FORTY years in football haven’t dampened the enthusiasm – or desire to succeed – of Derek Fazackerley.

FORTY years in football haven’t dampened the enthusiasm – or desire to succeed – of Derek Fazackerley.

The lowest profile but most experienced member of Town’s management team has played a crucial role throughout pre-season.

Now the first-team coach can’t wait for the action to get under way.

“It’s been quite a long pre-season, around six weeks, and all told, we’ve played 10 friendlies,” says the 57-year-old former Newcastle, Blackburn, Manchester City and England coach ahead of the big League I opener at Southend United.

“I think we’ve got to where we wanted to be, although today’s result will give us a clearer indication.

“What I can say ahead of the match is that the attitude and workrate of the squad has been first class.

“The players reported back in good condition – a little different to my day as a player, when a break from football and training meant exactly that – and they’ve done everything asked of them.

“It’s been a pleasure working with them, and although I’ve been through quite a few pre-seasons, I’ve enjoyed this one as much as any other.

“From a coach’s perspective, it’s an interesting and important time, because without matches, you’re able to do things you can’t do in the normal course of a season.

“But playing competitive football is what it’s all about, and it doesn’t take long before you start thinking about that first league match.

“The purpose of the whole six weeks has been to build momentum, in terms of fitness, technique and tactics, in order to hit the ground running as soon as business begins.

“It’s also about laying a platform of fitness which will allow us to keep going, through the 90 minutes of each match, and the nine months of the season.”

Fazackerley’s involvement in senior professional football started in 1969, when, although born in bred in Preston, he won a contract at their Lancastrian rivals Blackburn, who were then rivals of Town in the original Division II (now the Championship).

He was to forge a reputation as a rugged and reliable centre-back and set a Rovers record by making 596 league appearances up to 1987.

All those games came in Divisions II and III (now League I), with Fazackerley suffering two relegations (in 1971 and 1979) and enjoying two promotions (1975 and 1980).

In total, Fazackerley made 674 appearances – and gained full coaching qualifications – before breaking his Blackburn link and joining Chester as playing assistant to manager Harry McNally in January 1987.

Eighteen months later, he accepted an offer to assist former Blackburn boss Bobby Saxton at York before, in February 1989, switching to Bury, where he had a spell as caretaker manager at the end of that season following the departure of Martin Dobson.

Fazackerley ended his playing days, and his only spell to date as a manager in his own right, at Finnish club Kumu in 1990 before returning to Britain.

His coaching reputation was firmly established at Newcastle, where he worked with Kevin Keegan and a playing squad which included Town manager Lee Clark (Galpharm assistant manager Terry McDermott and performance coach Steve Black were also part of the St James’ backroom set-up at that time).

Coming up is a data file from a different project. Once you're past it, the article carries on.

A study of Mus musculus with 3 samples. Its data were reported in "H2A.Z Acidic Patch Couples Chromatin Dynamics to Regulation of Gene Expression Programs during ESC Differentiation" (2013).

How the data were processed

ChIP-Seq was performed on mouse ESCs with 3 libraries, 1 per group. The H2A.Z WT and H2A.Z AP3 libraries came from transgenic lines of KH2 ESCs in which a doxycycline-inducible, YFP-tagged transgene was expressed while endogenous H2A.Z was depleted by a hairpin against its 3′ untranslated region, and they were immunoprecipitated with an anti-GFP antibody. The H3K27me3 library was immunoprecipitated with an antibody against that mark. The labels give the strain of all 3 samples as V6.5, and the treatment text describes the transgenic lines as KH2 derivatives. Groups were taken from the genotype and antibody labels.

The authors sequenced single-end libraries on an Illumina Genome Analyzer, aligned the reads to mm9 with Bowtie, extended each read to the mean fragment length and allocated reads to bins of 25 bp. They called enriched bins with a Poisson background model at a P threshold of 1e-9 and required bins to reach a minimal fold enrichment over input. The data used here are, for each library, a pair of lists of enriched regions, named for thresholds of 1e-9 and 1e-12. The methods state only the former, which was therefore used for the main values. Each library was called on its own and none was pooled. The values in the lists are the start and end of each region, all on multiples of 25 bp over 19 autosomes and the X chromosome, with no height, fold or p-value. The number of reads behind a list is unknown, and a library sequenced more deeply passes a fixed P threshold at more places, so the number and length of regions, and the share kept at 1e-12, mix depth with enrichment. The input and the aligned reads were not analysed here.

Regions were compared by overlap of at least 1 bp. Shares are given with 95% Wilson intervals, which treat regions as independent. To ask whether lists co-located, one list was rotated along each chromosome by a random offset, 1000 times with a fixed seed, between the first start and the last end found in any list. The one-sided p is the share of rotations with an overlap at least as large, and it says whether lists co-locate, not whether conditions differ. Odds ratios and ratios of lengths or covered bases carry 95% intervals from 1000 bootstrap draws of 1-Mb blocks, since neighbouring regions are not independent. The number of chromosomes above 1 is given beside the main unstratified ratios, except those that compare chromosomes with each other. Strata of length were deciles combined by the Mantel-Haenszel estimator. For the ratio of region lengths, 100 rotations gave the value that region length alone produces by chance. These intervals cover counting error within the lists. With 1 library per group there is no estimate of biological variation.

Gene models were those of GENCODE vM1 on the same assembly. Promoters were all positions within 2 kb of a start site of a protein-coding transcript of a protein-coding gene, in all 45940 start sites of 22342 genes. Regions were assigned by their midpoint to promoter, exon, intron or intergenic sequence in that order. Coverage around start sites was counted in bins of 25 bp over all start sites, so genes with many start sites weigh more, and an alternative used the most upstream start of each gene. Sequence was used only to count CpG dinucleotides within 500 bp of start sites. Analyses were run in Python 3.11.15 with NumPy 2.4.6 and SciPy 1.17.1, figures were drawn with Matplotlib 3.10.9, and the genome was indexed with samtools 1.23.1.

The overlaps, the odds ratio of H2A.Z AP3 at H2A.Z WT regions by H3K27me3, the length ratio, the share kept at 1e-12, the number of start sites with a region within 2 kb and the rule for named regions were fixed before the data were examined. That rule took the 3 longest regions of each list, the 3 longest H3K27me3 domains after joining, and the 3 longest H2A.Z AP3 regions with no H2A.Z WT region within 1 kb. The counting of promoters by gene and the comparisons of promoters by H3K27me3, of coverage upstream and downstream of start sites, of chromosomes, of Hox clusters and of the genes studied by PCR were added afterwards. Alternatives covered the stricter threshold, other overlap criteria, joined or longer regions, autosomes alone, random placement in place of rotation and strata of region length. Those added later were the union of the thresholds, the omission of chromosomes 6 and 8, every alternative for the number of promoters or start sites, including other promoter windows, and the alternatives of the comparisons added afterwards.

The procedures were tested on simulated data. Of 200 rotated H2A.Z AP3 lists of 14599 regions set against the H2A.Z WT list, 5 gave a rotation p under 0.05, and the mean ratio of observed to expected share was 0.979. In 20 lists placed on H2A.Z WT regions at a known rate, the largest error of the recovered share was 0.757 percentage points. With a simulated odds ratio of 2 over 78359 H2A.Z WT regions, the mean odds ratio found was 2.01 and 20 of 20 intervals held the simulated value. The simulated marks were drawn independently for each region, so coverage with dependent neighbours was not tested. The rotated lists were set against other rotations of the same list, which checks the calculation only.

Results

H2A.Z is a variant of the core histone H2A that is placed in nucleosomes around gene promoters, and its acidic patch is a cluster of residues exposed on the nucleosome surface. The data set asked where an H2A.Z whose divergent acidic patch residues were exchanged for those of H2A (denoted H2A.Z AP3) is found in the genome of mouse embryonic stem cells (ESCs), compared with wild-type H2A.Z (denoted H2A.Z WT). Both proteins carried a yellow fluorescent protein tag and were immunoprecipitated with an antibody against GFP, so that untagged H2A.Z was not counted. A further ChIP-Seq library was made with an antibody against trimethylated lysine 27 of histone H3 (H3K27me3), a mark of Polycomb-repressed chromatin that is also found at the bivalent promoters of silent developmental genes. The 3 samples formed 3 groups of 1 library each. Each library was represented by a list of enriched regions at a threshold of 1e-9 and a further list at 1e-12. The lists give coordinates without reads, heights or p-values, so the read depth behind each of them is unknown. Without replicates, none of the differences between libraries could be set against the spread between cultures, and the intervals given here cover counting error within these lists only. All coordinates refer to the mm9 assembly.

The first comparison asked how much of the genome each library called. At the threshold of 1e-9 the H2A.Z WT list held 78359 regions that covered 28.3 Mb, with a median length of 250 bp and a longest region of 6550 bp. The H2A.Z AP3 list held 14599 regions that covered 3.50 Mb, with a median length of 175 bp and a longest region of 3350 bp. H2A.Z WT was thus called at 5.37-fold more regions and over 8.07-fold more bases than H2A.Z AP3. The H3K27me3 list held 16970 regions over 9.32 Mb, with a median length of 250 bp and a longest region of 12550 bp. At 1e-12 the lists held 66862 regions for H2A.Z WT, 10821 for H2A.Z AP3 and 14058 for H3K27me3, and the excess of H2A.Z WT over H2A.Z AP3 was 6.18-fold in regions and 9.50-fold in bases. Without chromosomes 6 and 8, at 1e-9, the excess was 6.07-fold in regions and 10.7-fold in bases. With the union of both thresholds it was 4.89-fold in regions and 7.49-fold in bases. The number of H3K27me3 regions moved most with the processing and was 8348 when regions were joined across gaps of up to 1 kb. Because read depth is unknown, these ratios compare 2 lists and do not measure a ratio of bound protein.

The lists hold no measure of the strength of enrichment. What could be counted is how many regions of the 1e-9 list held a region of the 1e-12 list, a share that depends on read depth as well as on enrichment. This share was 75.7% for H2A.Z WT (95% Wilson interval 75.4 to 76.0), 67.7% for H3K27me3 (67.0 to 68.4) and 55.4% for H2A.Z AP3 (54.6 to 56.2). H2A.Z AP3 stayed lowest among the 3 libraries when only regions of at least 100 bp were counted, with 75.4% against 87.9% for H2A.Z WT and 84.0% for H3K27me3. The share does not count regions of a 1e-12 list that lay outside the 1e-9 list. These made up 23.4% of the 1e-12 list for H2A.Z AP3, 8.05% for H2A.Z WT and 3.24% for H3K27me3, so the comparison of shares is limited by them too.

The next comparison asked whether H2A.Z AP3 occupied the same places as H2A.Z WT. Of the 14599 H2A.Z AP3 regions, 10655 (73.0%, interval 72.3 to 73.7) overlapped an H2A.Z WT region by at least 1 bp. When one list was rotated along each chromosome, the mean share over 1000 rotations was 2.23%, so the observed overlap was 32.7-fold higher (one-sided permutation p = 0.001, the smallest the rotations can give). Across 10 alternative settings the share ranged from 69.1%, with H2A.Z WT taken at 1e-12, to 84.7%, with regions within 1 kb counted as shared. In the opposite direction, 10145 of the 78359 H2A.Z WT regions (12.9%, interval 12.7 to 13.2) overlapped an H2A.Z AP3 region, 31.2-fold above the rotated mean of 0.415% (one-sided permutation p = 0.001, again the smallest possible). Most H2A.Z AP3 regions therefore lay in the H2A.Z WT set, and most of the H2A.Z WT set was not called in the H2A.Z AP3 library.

Having helped Newcastle earn promotion to the Premier League in 1993, then finish third in their first season back in the top flight, Fazackerley returned to Blackburn, who were preparing for a Champions League campaign under Ray Harford, in 1995, and he also worked with Roy Hodgson at Ewood Park before departing when Brian Kidd became boss in 1998.

There followed stints at Bolton and Barnsley before Keegan appointed him to the England coaching staff.

He was in situ for the 2000 European Championships in Belgium and Holland, but left the national set-up after Keegan resigned in the autumn of 2000.

The pair were reunited at Manchester City in 2001, and while Keegan left in 2005, Fazackerley remained to work under Stuart Pearce then Sven-Goran Eriksson before his departure was signalled by Mark Hughes’ arrival just over a year ago.

He was coaching at Aston Villa goalkeeper Brad Friedel’s soccer academy in the United States when got the call from Clark to join him in a new management team at the Galpharm in December.

It’s a phone call Clark has never regretted.

“As a young manager making my way I was keen to surround myself with experience,” he explains.

“Derek, Terry Mac and Steve Black certainly give me that.”

A player’s perspective comes from former Town striker Danny Cadamarteri.

Now preparing for life in the Scottish Premier League with Dundee United, he will miss Fazackerley’s guidance.

“Faz is a top bloke and a great coach,” says Cadamarteri.

“When he first arrived, I think the lads were a little bit in awe of him – after all, he’d worked at some massive clubs and with England.

“You can’t get higher than that, and the experience he’s had soon became clear.

“He’s a great organiser, and not just defensively, and he puts his points across very clearly.

“His sessions are intense and tough, but enjoyable as well, and you come away feeling that you’ve learned something.”